Suggested Readings, Audio-Visual Materials, and On-Line Resources
Grant Jacquelyn. Perspectives on Womanist Theology. Atlanta, GA: ITC Press, 1995.
Guy-Sheftall, Beverly. Words of Fire: An Anthology of African-American Feminist Thought. New York: The New Press, 1995.
Hankins, Gail. A. “In the Beginning… Maria W. Stewart: Forerunner of American Women Orators.” Women and Language 15.2 (1992):20-25.
Keetley, Dawn, and John Pettigrew. Public Women, Public Words: A Documentary History of American Feminism. Madison, WI: Madison House Press, 1997.
Kienzle, Beverly Mayne and Pamela J. Walker, eds. Women Preachers and Prophets Through Two Millennia of Christianity. Berkeley: University of California Press, 1998.
Logan, Shirley Wilson. We Are Coming: The Persuasive Discourse of Nineteenth-Century Black Women. Carbondale: Southern Illinois University Press, 1999.
Mattina, Anne. “‘I am as a Bell That Cannot Ring’: Antebellum Women Oratory.” Women and Language, 16.2 (1993): 1-6.
Moody, Jocelyn. Sentimental Confessions: Spiritual Narratives of Nineteenth-Century Women. Athens: University of Georgia Press, 2001.
Moses, Wilson Jeremiah. Classical Black Nationalism: From the American Revolution to MarcusGarvey. New York: New York University Press, 1996.
Peterson, Carla L. Doers of the Word: African-American Women Speakers and Writers in the North (1830-1880). New York: Oxford University Press, 1995.
Robertson, Susan. “Maria Stewart and Rhetoric of Mobility.” Journal of International Women’s Studies 4.3 (2003): 56-62.
Rycenga, Jennifer. “A Greater Awakening: Women’s Intellect As A Factor in Early Abolitionist Movements, 1824 – 1834.” Journal of Feminist Studies in Religion 21.2 (2005): 31-59.
Streitmatter, Rodger. Raising Her Voice: African-American Women Journalists Who Changed History. Lexington: University Press of Kentucky, 1994.
Wertheimer, Molly Meijer., ed. Listening to Their Voices: The Rhetorical Activities of Historical Women. Columbia: University of South Carolina Press, 1997.
Zackodnik, Teresa C. “‘I Don’t Know How You Will Feel When I Get Through’: Racial Difference, Woman’s Rights, and Sojourner Truth.” Feminist Studies 30.1 (2004): 49-73.
Dissertations and Theses
Aikin, Kelly. A Hissing and Reproach Among Her People: The Radical Abolitionist Rhetoric of Maria W. Miller Stewart.1996, M. A. Thesis Southwest Texas State University.
Alson, Monika R.The Rhetoric of Maria W. Stewart Hidden in Plain Sight. 2003 M.A. thesis, Pennsylvania State University.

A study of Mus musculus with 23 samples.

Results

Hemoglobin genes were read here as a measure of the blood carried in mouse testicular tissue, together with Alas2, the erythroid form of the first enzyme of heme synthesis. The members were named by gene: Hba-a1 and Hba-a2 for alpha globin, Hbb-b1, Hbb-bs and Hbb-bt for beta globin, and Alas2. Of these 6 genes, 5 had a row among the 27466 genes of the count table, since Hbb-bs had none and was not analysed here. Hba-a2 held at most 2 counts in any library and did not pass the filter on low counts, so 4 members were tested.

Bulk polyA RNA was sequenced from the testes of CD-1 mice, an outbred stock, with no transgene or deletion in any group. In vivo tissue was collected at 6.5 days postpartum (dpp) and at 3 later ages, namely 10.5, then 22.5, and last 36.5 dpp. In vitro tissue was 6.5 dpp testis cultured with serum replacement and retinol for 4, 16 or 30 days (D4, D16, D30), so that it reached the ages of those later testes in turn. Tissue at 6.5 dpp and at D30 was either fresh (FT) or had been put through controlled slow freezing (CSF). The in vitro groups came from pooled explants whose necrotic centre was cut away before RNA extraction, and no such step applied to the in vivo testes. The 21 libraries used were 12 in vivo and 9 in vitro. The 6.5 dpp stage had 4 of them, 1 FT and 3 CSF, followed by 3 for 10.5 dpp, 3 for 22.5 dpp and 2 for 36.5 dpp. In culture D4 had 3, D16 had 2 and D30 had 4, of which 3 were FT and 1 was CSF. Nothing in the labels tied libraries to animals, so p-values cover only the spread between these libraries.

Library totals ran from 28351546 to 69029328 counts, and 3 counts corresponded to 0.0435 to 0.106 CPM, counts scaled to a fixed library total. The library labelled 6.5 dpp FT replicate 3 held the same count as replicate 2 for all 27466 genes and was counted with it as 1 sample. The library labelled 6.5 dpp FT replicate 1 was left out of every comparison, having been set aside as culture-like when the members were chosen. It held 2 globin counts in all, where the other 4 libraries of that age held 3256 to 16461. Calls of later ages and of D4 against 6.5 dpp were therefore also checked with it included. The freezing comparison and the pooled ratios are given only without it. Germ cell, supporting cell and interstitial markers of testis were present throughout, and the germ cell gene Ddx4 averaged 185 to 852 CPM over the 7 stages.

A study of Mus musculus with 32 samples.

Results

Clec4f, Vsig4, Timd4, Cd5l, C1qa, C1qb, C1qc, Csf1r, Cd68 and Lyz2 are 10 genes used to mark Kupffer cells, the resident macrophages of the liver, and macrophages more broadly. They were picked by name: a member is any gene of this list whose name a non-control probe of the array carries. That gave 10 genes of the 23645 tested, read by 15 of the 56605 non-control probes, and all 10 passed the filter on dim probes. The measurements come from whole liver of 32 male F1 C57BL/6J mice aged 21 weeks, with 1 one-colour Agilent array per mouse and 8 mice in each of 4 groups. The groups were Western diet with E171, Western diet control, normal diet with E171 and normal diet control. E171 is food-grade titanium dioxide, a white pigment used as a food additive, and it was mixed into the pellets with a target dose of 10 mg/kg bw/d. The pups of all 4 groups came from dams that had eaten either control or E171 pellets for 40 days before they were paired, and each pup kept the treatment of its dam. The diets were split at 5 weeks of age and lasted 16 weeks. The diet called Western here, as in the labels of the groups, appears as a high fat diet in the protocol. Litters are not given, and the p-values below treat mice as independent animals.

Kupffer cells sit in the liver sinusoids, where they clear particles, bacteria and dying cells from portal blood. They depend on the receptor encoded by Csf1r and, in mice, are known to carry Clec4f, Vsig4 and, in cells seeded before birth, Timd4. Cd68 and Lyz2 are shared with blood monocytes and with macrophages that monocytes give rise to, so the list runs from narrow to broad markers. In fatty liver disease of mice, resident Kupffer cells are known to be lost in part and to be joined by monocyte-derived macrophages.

Butler, Ruth Leon White. Double-Voice in the Rhetoric of African American Women. 1994, M.A. Thesis, Arizona State University.
Carlacio, Jami L. In Their Own Words: The Rhetorical Practices of Maria Stewart and Sarah Grimke. 2001, Ph.D. Dissertation, University of Wisconsin.
Cooper, Valerie Charlene. Word, Like Fire: The Biblical Hermeneutics of Maria Stewart. 2004, Th.D. Thesis, Harvard University.
Garcia, Jennifer. “Maria W. Stewart: American’s First Black Feminist,” Dissertation, Florida International University, FIU Digital Commons, http://digitalcommons.fiu.edu/dissertations/AAI1390032/.
Glock, Aimee M. Two Steps Forward and One and a Half Steps Back: Maria Stewart and Mary AnnShadd Cary’s Fight for Inclusion Into Early Black Nationalism, 1803-1893. 2001, M. A. Thesis, University of California, Los Angeles.
Jackson, Jerma. Maria W. Stewart:Challenging the Barriers of Race and Gender.1986, M. A. Thesis, Tufts University.
Lintin, Daniel Paul.Shall It Be a Woman?: A Rhetorical Analysis of the Works of Maria W. Miller Stewart. 1989, M. A. Thesis, University of Minnesota.
Richmond, Colleen D. The Practical Preaching and Vital Voices of Margery Kempe, Margaret Fell, and Maria W. Stewart. 2003, Dissertation, Indiana University of Pennsylvania.
Sells, Laura R. The Rhetoric of Paradox in the Discourse of Maria W. Stewart. 1991, M. A. Thesis, University of South Florida.
Thompson, Julie M. Managing the Public/Private Dichotomy: Maria W. Stewart and the Problem of Rhetorical Status. 1991, M. A. Thesis, University of South Florida.
Townsend, Thelma Marie. Spiritual Autobiographies of Religious Activism by Black Women in the Antebellum Era. 1993, Dissertation, Michigan State University.
Young, Ida Delores. Between the Voices of Our Ancestors:Afrocentric Strategies, Symbols, Forms of Revolution, and the Philosophical Implications of the Rhetorical Discourse of Abolitionist Maria W. Stewart, 1803-1879. 1992, Temple University.
Pellett, Gail. “Liberty in the Air,” episode 2. Slavery and the Making of America. New York: WNET/PBS, 2004. http://www.pbs.org/wnet/slavery/experience/education/index.html.
Album and Track information, Ruby Dee recording of “Maria W. Stewart, What if I Am a Woman.”, http://www.smithsonianglobalsound.org/trackdetail.aspx?itemid=15664.
Barker, Kamil Barker, Catherine Golden, and Alta M. Morton. “The Pursuit of Liberty: Parallels Between Women’s Suffrage and the Emancipation of the Negro,” http://www.gwu.edu/~e73afram/kb-cg-am.html.
Boston African-American National Historic Site. National Park Service, http://www.nps.gov/boaf/mariastewart.htm.
Connecticut Women’s Hall of Fame, http://www.cwhf.org/hall/stewart/stewart.htm.
Heritage Guild:Honoring David Walker and Maria Stewart, Spencer Crew, CEO, Underground Railroad Freedom Center, WGBH, http://forum.wgbh.org/wgbh/forum.php?lecture_id=1955.
Martin, Waldo. Lecture on “David Walker:American Patriot,” University of California, Berkeley and links to other African American history sites, http://www.teachingamericanhistory.us/speakers/martin.html.
Slavery and the Making of America. “On-line Resources,” PBS, http://www.pbs.org/wnet/slavery/resources/online.html.